Our work harnesses the uniquely transformative power of the arts to help individuals learn the skills and gain the confidence to live creative, positive and productive lives. Each year we receive more than 7,000 entries from over 3,500 entrants across the UK in 52 categories. More than 2,000 Awards are granted by over 100 esteemed judges, and each year culminates in a curated exhibition at Southbank Centre which showcases the incredible power of the arts to transform lives.


Sounding Off with Katie Redford

Among the first categories to be judged this week was Radio Play. For this small yet intriguing group of works, we were joined by writer and actor, and Lily Pargetter on the The Archers, Katie Redford. It was the diversity and ingenuity of this category that surprised her the most. She talks imagining audio worlds, days of radio play acting when she’s switched between reading for a period drama and being a caterpillar, and writing about the lives of napkins below!


Which stories have stood out to you the most?

People say that you should write about what you know, I think that’s really clear with some of these pieces. There are certain pieces that have been not only interesting to read but are an insight into their background. I’m not saying they’re autobiographical, but you can tell that some of these writers have written about what really means something to them and their experience. Writing is a really good way of dealing with things that have happened to you as well. A real insight into the environment of a prison – something I know nothing about. There’s a truth to it as well, it’s not just what you see on Orange is the New Black – there’s so much more to it.

All these things that go on – there’s friendships formed, bonds formed, betrayals… All these things that have come about. It’s mostly the plays that I don’t know much about the subject matter that have stuck with me.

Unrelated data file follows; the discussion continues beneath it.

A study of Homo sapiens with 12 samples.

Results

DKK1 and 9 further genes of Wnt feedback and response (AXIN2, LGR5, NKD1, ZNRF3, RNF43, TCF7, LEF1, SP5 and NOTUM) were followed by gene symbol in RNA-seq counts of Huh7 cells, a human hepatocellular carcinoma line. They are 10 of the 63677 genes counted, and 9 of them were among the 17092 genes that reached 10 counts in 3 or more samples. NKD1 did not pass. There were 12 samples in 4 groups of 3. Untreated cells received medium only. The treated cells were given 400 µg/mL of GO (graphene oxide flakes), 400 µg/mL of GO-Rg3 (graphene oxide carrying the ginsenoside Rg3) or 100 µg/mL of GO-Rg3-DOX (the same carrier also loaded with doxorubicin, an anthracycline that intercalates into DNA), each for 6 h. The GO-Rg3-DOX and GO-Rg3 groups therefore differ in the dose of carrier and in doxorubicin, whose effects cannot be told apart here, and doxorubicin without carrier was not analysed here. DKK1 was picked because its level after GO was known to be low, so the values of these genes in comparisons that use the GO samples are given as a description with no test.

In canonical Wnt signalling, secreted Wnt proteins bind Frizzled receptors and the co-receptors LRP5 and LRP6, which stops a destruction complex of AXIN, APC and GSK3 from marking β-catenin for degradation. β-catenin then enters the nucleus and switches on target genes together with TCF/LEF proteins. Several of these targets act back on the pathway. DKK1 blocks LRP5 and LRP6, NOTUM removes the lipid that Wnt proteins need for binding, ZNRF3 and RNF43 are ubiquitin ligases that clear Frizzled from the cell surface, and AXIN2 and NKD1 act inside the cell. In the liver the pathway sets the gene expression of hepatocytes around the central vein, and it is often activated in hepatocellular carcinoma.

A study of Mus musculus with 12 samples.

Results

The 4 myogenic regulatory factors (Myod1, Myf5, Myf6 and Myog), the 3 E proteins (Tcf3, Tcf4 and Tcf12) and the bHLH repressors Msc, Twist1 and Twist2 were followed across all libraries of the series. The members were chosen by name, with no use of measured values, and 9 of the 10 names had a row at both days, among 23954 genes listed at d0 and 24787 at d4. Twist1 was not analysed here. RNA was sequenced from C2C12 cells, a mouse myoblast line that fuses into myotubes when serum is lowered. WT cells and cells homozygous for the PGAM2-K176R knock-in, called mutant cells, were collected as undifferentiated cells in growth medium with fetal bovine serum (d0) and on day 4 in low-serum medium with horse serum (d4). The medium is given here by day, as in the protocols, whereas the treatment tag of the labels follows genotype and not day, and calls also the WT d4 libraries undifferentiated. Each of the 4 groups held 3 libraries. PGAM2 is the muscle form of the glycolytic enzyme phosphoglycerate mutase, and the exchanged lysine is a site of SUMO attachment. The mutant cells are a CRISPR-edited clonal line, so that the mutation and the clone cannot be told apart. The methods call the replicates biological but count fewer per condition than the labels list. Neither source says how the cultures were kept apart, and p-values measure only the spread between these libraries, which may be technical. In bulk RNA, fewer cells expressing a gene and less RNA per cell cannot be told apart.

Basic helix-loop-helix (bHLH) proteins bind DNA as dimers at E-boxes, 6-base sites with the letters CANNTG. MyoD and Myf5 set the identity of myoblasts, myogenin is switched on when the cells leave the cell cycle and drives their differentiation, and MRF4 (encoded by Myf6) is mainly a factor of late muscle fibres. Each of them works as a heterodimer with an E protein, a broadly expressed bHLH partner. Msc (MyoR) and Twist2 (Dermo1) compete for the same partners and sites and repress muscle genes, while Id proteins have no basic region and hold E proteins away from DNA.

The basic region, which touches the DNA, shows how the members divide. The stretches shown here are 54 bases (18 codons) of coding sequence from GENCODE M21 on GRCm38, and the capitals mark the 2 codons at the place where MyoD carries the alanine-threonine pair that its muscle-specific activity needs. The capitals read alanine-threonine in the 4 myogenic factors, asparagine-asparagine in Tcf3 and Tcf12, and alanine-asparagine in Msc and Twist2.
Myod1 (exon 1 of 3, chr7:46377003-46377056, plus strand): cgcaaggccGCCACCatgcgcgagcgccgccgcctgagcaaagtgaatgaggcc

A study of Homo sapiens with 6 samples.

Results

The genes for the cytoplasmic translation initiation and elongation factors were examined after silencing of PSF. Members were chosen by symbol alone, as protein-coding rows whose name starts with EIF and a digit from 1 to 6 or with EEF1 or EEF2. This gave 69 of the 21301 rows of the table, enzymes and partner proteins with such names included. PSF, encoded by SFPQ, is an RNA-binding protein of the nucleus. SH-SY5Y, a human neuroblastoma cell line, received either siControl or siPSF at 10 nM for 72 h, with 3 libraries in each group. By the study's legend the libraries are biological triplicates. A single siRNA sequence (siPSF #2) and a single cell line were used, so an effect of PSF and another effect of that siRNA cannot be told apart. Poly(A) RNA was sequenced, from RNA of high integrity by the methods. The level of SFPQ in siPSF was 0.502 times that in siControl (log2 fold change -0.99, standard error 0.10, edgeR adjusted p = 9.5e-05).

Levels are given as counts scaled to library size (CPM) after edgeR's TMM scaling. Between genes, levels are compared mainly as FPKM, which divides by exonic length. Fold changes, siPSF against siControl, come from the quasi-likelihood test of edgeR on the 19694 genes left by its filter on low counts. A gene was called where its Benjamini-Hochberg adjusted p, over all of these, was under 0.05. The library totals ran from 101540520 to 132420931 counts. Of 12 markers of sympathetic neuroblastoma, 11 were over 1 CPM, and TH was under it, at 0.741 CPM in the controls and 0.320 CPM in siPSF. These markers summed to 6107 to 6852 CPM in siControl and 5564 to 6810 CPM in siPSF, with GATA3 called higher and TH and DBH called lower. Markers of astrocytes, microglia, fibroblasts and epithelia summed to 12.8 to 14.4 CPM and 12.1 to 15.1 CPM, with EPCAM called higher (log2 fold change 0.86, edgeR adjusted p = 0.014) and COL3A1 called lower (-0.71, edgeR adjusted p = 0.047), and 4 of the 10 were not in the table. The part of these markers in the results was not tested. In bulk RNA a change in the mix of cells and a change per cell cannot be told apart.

What have you been surprised by?

The variety of things. I’ve gone from a piece that’s about a spoken word in a prison, to a sci-fi fantasy piece about aliens invading a cricket pitch. It’s the variety of it, has really surprised me.

How have you found the Koestler judging process in general?

Katie reading through some of the many entries in this category

Well, I think it’s a lovely way to spend a day reading, so many imaginative pieces from voices that I wouldn’t usually hear from. It’s – I mean this in a positive way, it’s more intense than I thought it would be. Because you can’t just shut off – you have to read every piece because every piece matters, and you have to really think not just about what you like but makes a good radio piece. The sound effects, the way the scenes link to each other. With radio it’s really easy sometimes for the writing to be expositional because you’re not seeing it. You have to explain to the listener what’s happening. It’s really interesting reading who’s nailed that.


What advice would you give to radio play writers?

This sounds really silly, but just write. Don’t worry about what audience it will be for, or whether it’s been done before. Just write about something that you’re passionate about, and that you know about.

And why is it good for radio? Why would you write that piece for radio? Could it be done on tv, could it be done on film? If yes, you could still write it for radio, but what is it about it that you want to tell through the medium of radio. I think that if you have an answer for that, you’re already on your way.

Do you have any answers for that? What makes things really suitable for radio?

I think it’s subjective to each person, but for me, when working in radio as an actor, the scripts that work for me are the scripts that aren’t just dialogue. I think that people have this thing that with radio, because it’s voices, that if you have a really dialogue-heavy piece it will be brilliant for radio. But I don’t think that’s true.

I think that it’s harder for the listener to keep engaged without hearing some sort of action. So I think that’s a myth, that dialogue-heavy plays should be just for radio.

I wrote a radio play earlier this year, and the reason I wrote it for radio was because there were two characters that I just really wanted to write for. I could have written it for anything really, but I like the world of radio because there’s no limits with what you write. You can write anything, anywhere. You don’t have to worry about budget – when it comes to making it. You can write anything for anyone. I just wrote a play about a napkin – the world and the life of a napkin. And it was lovely. There are no limitations on what you write. You can make anything come to life, and I think that’s something really interesting from a writer’s perspective, and from an actor’s perspective.

When I was on radio 4, one morning I’d be doing a script for a period piece like Jane Eyre, and then the next minute I’d be a caterpillar. You can literally be anything you want!